Physician assistants may become a more familiar sight at hospitals across the country, as the health-care professionals sometimes called the best-kept medical secret in the Canadian Forces seek a greater role in the public health system.
The 127 physician assistants treating Canadian soldiers on relief operations and peacekeeping missions the world over act as a second set of eyes and hands for doctors. They are trained to take a medical history, perform physical exams, make basic diagnoses, order lab tests or X-rays, and prescribe some treatments.
Some 60,000 physician assistants work in the United States, but in Canada, only the military uses their services. Although there is no civilian equivalent, their job description resembles that of a nurse practitioner.
Though the military was the only place that certifies them in Canada, the Canadian Medical Association has granted them recognition them as well.
CMA accreditation means the training program for physician assistants meets a national standard of education for the profession.
In Manitoba, the only province that regulates them, the health-care professionals are known as clinical assistants.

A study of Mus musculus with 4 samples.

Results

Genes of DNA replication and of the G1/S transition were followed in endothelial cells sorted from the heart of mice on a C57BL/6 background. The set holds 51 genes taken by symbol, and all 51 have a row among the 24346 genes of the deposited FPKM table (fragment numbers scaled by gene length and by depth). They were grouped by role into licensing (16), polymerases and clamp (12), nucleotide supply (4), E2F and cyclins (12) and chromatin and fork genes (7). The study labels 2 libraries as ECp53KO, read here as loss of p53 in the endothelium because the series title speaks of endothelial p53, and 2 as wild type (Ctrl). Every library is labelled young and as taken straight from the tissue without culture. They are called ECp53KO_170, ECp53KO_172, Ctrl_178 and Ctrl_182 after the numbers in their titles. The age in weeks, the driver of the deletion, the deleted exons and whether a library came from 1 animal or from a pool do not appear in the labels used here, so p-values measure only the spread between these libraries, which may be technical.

The Canadian Forces have used physician assistants as part of their medical teams for about 50 years â since the Korean War. Doctors supervise physician assistants, although the physicians may not always be present.
"Sometimes the physician is with the PA," said Dr. Pierre Ozon, a former military physician who now acts as medical director for physician assistant training at the Canadian Forces Medical Services School. "However, sometimes the physician's only way of communicating with the PA is through things like satellite phones."
Medical trainingSoldiers with at least 10 years of military experience and a background as a medical assistant or paramedic are eligible to take physician assistant training in Canada.
Up to 24 Canadian Forces personnel are trained each year. Their training consists of one year of medical theory at CFB Borden in Ontario, then another year of clinical rotations at eight civilian hospitals across Canada.
During rounds at civilian hospitals, trainees learn about trauma, family medicine, ear, nose and throat specializations, general surgery, internal medicine, sports medicine and orthopedics.
Ozon said the physician assistant model has worked well in the military but one hurdle to expanding their role in health care is there is no civilian equivalent to compare their training to. The legal liability for physicians supervising them also needs to be resolved.
Physician assistants aim to be recognized by civilians so they can help to fill the country's gap of health-care staff, said Chief Warrant Officer Robert Sylvestre, medical branch officer for the Canadian Forces.
A group of physician assistants is now in training at Montreal General Hospital, where the officers say they're often mistaken for doctors wearing scrubs.